The little boy saved by his nanny from a house fire on March 23 is now the subject of a custody battle between his mother and the man who is his legal guardian.


It was in Hawes’ house on Golden Rod Court that Aden escaped a fire in his bedroom when his nanny, Alyson Myatt, rushed barefoot through the flames to carry him to safety.

The story has gained national significance because of Myatt’s heroics, but those details seemed lost in the bitter, finger-pointing battle between Hawes and Blankenship, who for two and a half hours accused each other of being unfit to care for the boy.

Blankenship, a recovering drug addict who gave Hawes temporary custody of 5-year-old Aden when he was 3 days old, says that her son told her that Hawes had sexually abused him.

Hawes denied those allegations and in turn told the court that not only was he not guilty, but that the child's mother was spreading lies about him to regain custody of her son.

Hawes' attorney, Carl Devine of Lexington, called two witnesses on Hawes’ behalf.

Kentucky State Police Detective Mitch Harris, whose area of expertise is sexual abuse cases, told the court that he had interviewed Aden, and it was his opinion that the child was not a victim of sexual abuse and that he had closed the investigation.

He added that since then he had received another allegation of the same type against Hawes involving Aden and was now investigating that.

Devine also called Joe Tucker to the stand, a social worker with the Cabinet for Health and Family Services, who testified that he had investigated the allegations of sexual abuse in October 2009.

Tucker said he had made an unannounced visit to the Hawes’ household and found both Hawes and the child at home.

"He [the child] did not want to speak to me without him [Hawes] present," he said. "I found him to be healthy and clean and dressed appropriately, and he appeared to be a normal little boy."

Tucker added that the environment was "in very good condition," and that his investigation also included the boy's day-care teachers and grandmother.

Blankenship and her attorney, Mark Wooldridge, brought up the fact that Hawes had DUIs in 2000 and 2005 and also served time on drug and burglary charges as a teenager in Texas.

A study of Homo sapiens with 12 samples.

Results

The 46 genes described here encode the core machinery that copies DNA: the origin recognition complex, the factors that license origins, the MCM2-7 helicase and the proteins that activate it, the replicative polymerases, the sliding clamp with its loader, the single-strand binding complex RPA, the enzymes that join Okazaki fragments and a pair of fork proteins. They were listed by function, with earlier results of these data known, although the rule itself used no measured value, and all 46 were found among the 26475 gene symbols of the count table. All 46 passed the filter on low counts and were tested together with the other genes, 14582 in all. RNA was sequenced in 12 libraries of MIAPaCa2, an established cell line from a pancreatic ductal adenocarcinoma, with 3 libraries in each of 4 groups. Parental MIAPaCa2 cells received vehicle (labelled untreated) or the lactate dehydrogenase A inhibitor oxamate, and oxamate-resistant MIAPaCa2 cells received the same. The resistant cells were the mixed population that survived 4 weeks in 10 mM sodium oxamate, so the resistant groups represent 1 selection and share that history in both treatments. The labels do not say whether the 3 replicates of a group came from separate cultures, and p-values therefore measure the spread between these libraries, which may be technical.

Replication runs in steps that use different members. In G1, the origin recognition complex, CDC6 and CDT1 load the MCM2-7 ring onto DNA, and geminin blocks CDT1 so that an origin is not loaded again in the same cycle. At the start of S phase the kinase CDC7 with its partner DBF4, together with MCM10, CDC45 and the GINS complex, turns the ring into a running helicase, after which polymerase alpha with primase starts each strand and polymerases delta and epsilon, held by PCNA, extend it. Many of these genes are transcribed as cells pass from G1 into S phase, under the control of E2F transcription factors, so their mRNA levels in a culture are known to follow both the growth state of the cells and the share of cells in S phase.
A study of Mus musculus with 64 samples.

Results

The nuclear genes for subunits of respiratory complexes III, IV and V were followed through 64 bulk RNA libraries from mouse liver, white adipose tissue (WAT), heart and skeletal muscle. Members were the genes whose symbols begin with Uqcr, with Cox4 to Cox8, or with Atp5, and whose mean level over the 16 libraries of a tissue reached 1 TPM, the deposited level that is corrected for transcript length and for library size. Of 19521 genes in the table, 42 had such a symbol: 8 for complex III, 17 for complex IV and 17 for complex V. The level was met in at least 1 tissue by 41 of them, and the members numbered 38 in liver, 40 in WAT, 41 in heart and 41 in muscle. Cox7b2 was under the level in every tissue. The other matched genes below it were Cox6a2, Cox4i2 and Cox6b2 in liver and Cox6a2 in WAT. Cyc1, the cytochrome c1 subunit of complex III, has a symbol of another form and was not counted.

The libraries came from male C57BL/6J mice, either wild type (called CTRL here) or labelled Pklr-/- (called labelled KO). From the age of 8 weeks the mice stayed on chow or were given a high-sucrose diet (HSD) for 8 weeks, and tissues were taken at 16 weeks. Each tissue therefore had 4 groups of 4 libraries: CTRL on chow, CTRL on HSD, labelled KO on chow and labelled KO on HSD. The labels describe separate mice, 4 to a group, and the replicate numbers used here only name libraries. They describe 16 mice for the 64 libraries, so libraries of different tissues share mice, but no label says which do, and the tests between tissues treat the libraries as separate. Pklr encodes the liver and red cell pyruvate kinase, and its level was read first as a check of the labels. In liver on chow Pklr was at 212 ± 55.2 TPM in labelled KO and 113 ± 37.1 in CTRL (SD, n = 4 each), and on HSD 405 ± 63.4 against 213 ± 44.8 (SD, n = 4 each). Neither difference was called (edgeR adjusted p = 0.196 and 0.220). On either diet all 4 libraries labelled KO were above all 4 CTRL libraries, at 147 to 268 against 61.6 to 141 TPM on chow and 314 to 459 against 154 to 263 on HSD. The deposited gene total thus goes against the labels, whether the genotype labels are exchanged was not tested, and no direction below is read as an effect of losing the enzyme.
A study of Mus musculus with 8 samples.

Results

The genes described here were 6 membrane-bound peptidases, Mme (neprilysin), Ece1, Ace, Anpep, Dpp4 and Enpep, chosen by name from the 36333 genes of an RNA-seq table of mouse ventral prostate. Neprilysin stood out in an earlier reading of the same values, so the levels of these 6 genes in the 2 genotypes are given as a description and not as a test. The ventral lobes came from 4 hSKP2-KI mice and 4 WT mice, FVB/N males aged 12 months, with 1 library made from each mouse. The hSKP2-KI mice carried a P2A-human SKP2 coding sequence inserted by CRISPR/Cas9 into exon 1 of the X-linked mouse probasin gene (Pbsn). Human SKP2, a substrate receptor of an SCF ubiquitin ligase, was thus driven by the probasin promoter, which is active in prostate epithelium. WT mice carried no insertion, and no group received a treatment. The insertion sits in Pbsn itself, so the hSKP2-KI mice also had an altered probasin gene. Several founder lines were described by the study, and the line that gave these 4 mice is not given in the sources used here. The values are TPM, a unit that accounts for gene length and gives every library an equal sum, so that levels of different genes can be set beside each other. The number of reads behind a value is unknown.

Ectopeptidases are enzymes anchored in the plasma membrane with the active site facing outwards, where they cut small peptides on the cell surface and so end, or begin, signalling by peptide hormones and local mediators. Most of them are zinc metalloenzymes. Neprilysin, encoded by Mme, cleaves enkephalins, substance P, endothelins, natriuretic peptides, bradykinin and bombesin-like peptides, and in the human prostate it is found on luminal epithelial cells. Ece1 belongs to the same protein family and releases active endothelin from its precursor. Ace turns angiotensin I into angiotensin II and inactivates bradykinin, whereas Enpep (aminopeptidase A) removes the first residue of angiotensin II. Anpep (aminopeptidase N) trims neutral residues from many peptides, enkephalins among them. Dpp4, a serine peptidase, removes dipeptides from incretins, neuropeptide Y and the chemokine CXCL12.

Blankenship had given temporary custody to Hawes because she was incarcerated when she gave birth to Aden in 2004, she said, and she thought he, as her good friend, could take good care of Aden.

She regained custody of the little boy after getting out of the Women's Correctional Institute but was ordered to relinquish him to Hawes again in 2006 by Fayette County Judge Rebecca Overstreet.

Blankenship also has an 8-month-old daughter, and Devine pointed out that she had ingested cocaine while pregnant with that girl.

"I had a relapse," Blankenship said.

She said she is currently "clean" and has a job in Lexington making $8 an hour working for an agency that teaches job skills to women with criminal backgrounds.

She has just moved into her own apartment last week after leaving rehabilitation services at a substance abuse treatment center in Lexington called Chrysalis House.

When Hawes' attorney brought up the fact that she had just struck out on her own, Blankenship pointed out that Hawes and Aden were now living on Baker Street in an apartment since the house had burned.

When asked who would be taking care of Aden when he was working now that Myatt had been burned rescuing him from the fire, Hawes said his brother was coming down from Texas to help him.

Hawes also objected to Blankenship calling him a monster and telling Aden that he was not his father.

"I am not his biological father, but I am his father," he said.

Blankenship admitted that she did tell Aden that Hawes was not his father.

"I tell my son the truth," she said.

There was also disagreement in the courtroom about who was named as Aden’s father on the child's birth certificate.

After the hearing, Blankenship told a reporter that she was optimistic the judge would rule in her favor.

"I'm hopeful, and I also hope that we get through this intact and with some integrity," she said.

Said Hawes: "I have nothing to hide. I've done nothing but care about that family. But after a lambasting like this...then I think about Aden's future, I just don't understand people like that, how they can be so malicious."

Aden remains in the custody of Hawes pending Myles’ ruling.